Thursday, October 18, 2012

"Matt, They Can Brainwash a Vacuum Cleaner!"

No, from the well. I like my innuendo fresh...
As promised (thanks to encouragement from ilovedinomartin' blog), I've returned to the wacky world of Matt Helm, with Dean Martin's second outing as the I.C.E. counter-agent against the evil machinations of Big O in Murderers' Row (1966).

This time, a super weapon, the Helio-bomb, threatens to wipe Washington D.C. off the map after the scientist who invented it is kidnapped by an agent of Big O. Matt is reluctantly returned to service after faking his death to rescue Dr. Solaris (naturally a guy named Solaris captures killer sun rays. What's he going to make? Moon-bombs?) from an island fortress off the French Riviera. So Dino spends some time in the sun in the south of France and gets caught up in the wild swinging scene of the lovely Ann-Margret.

Wood-paneling: the essence of chic.
Like it's predecessor, The Silencers, Murderers' Row features a non-stop barrage of swanky scenes, snarky dialogue and snappy gadgets.  Though it again tosses aside the grim and grimy underworld of Hamilton's original Matt Helm novels for more colorful settings and a host of fashion magazine glamor, this one seems a trifle less full of the fluff than the first film.  It definitely has a more early Bond film vibe, but doesn't skimp on Helm's endless one-liners, the drinking and driving, and the occasional jab at fellow Rat Packer Frank.

In fact, that almost ends up being the problem: It definitely features a stronger plot than the original, but still features plot holes that one could drive a tricked-out hovercraft over and through.  The one that plagued me most was that after Ann-Margret disables the machine the refines the ore that powers the Helio-bomb with a bobby-pin (ok, fine, fair enough),  moments later, the men guarding her still leave her loose enough to power the electro-magnet that aids Dino in fending off the character I refer to as Quarter Destro (the credits call him Iron Head...see if you can spot him in the accompanying photos).  Wait, what?  She just blew up one machine, and the armed guards let her play with the magnet for several minutes to take out their boss. Guess it's true what the say about finding good henchmen.

When Shop Class goes terribly awry...
That's just one, there's several other gaping gaps in logic.  Now, don't get me wrong, in the generally fun-filled light atmosphere, these heavy suspensions of disbelief can't spoil the fun (and a belt or two of gin will have you giggling over most of them after a wry retort from Dino).  What bothers me, in retrospect, is that this could've been a solid action story above and beyond being a light afternoon's entertainment if only someone had seen to it that the script made a little more sense where it counts (like when Matt's got a cover story for his cover story that isn't spoiled by Big O's inside man in Washington).  All of this could've been avoided, I suppose, if they'd headed off into the bizarre anything goes tone of the 1967 version of Casino Royale, but since they played it more by the numbers, I couldn't help but notice it.  I know that consideration for pop culture longevity has only become a recent concern, but I like to think that for all the talent involved, they'd want a movie that over time would appeal to more than just guys into nostalgia or goofy cinema...oh me.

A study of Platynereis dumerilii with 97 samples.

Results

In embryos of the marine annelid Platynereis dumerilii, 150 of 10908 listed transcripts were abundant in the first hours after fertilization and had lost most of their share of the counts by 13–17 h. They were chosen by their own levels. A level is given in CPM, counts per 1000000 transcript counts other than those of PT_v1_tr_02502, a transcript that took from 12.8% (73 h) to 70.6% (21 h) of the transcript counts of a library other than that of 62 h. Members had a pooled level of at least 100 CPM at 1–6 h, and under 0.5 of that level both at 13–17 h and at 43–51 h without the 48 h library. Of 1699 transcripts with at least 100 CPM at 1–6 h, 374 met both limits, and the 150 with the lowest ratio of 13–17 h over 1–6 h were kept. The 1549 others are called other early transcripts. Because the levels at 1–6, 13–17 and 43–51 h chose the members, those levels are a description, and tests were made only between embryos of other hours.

In my dreams, I wake up to this sort of thing...
Karl Malden, the all too serious star in On the Waterfront and Patton, does an entertaining turn as the villain, Julian Wall.  His strange relationship with his mistress Coco is surprisingly risqué for the era of married couples in seperate beds. You'll just have to see the movie to see what I mean.  The only odd mis-step with his character is his introduction where he's given the Blofeld treatment.  For those who don't remember, Ernst Blofeld was James Bond nemesis in the Connery run of movies, but until You Only Live Twice (1967) where he's played wonderfully by Donald Pleasance, he's only shown from behind or in shadows.  Problem is: a) Malden has a very distinct voice, and b) when they semi-reveal him, Malden also has one of cinema's even more distinctive schnozzes. So even if you don't know who he is, when you see him as're not likely to not be able to figure out he's the ominous shadow from the opening.

"What?! I thought it was Telly Savalas...I'm serious!"
In any event, a great deal of the fun is found in the genuine chemistry of Martin and...uh... -Margret.  Even though Dino's hilariously out of place in her psychedelic discotheque world, he's never not cool.  But at the same time, the filmmakers don't go out of their way to make her world seem like some idiotic fad either.  It's a far more diplomatic trade-off of the generation gap than was served up in most movies at the time.  In all, you can't help but wish that you could quip off to nearly every bit said to you like Dino can, and you sure wouldn't mind have a kooky beauty on your arm like Ann-Margret while doing so.  (I got to work on a film with Ann-Margret, and I can assure you, she's continued to be every bit of the lovely lady she was then.)

Also, for a silly 60's swankfest, one can't ignore that the first film had the great Elmer Bernstein at the musical helm, and the second features the also dazzling Lalo Schifrin. So I say, see The Silencers to ease into the world of Matt Helm...but keep Murder's Row nearby as just the right chaser.

Bonus: The ideal substitue for the pool noodle.
I will some point...and so will Dean Martin as Matt Helm in The Ambushers (1967).